Written by J.Weagle
Cold body. Warm heart.
Back when Warm Bodies was first released I’m pretty sure I hailed it as the final blow in the complete destruction of the zombie genre. While I do still agree with my past self (I might add Walking Dead to the reasoning as well), Warm Bodies ends up being a rather cute film with not a half bad script and a terrific soundtrack.
The film follows a zombie simply named “R” (Nicholas Hoult) because he can’t remember his first name only the first letter, as he mindlessly goes about his day as a member of the living dead. He gets hit with the old love at first sight when he lays eyes on a girl name Julie (Teresa Palmer) who he manages to save and bring back to his sweet bachelors pad, the inside of an airplane. While understandably frightened at first, Julie learns that R is quite a bit different from the mindless brain eating stereotype and feelings build between them.
The cast does a pretty good job with what I would consider a rather cheesy romantic comedy. Nicholas Hoult deserves credit as the heartthrob zombie, as his delivery with a lot of the jokes made him a likable character from the very beginning. Palmer, as well comes off as the sweet and cute, trying to change other living humans minds about how they think about the living dead. John Malkovich shows up as her father and a man who despises zombies and rules his own empire within a walled off city, and does a pretty cheese ball job with the role but in the best possible way.
What may have caught me off guard the most with Warm Bodies is how lighthearted and genuinely funny the script is, the complete opposite of what it was originally being compared to (Twilight saga films). Directed by Jonathan Levine (50/50, The Night Before) the film shows the exact comedic timing as his other films, and while it is often compared to another series about a young girl falling for a dead person, Warm Bodies shows more heart in a single frame than that entire franchise did.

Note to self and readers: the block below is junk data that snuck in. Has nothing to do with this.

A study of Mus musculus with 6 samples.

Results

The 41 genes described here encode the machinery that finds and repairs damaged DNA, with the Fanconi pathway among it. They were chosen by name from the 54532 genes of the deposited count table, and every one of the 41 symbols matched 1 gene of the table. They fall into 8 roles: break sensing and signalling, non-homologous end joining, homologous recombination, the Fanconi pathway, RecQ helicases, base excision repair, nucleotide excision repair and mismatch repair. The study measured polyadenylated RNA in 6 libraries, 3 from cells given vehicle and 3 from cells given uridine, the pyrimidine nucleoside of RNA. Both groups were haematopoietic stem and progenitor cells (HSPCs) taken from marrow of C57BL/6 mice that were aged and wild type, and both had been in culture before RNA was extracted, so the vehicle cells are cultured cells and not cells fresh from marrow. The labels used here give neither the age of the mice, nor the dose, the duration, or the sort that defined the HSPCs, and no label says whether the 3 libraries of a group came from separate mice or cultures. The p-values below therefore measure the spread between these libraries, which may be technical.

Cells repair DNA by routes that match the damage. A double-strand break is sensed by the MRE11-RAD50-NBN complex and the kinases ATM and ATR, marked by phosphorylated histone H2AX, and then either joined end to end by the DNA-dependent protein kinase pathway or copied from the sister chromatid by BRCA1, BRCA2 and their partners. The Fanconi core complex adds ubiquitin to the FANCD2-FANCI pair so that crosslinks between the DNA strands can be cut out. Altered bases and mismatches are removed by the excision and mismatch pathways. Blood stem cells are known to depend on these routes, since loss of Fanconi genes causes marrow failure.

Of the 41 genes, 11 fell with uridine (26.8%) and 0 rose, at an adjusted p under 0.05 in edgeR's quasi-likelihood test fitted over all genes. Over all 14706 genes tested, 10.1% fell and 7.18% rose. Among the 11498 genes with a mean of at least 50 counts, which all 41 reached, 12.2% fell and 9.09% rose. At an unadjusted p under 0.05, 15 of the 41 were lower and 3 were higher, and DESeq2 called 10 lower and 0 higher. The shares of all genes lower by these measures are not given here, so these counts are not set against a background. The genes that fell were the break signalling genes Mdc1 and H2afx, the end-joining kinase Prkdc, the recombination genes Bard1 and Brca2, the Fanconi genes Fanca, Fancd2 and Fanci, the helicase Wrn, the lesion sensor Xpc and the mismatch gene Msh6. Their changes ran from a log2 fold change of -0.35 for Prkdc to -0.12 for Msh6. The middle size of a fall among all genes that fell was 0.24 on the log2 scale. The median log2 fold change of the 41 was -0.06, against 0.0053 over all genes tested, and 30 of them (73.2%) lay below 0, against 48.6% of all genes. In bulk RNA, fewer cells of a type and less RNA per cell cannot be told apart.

There is a lot to like in Warm Bodies, but with that being said there is also a lot to dislike. Die hard zombie fans looking for the Romero gore will not find it here, though it does offer a pretty good amount of social commentary. While it is certainly not a blood bath, it makes for a pretty decent date movie that even those who absolutely hate zombie movies will probably find something to enjoy in it. An overall good cast, solid directing and a soundtrack that offers a mix of rock ballads to Dylan, Warm Bodies is one to check out for those zombie fans willing to venture outside their comfort zone.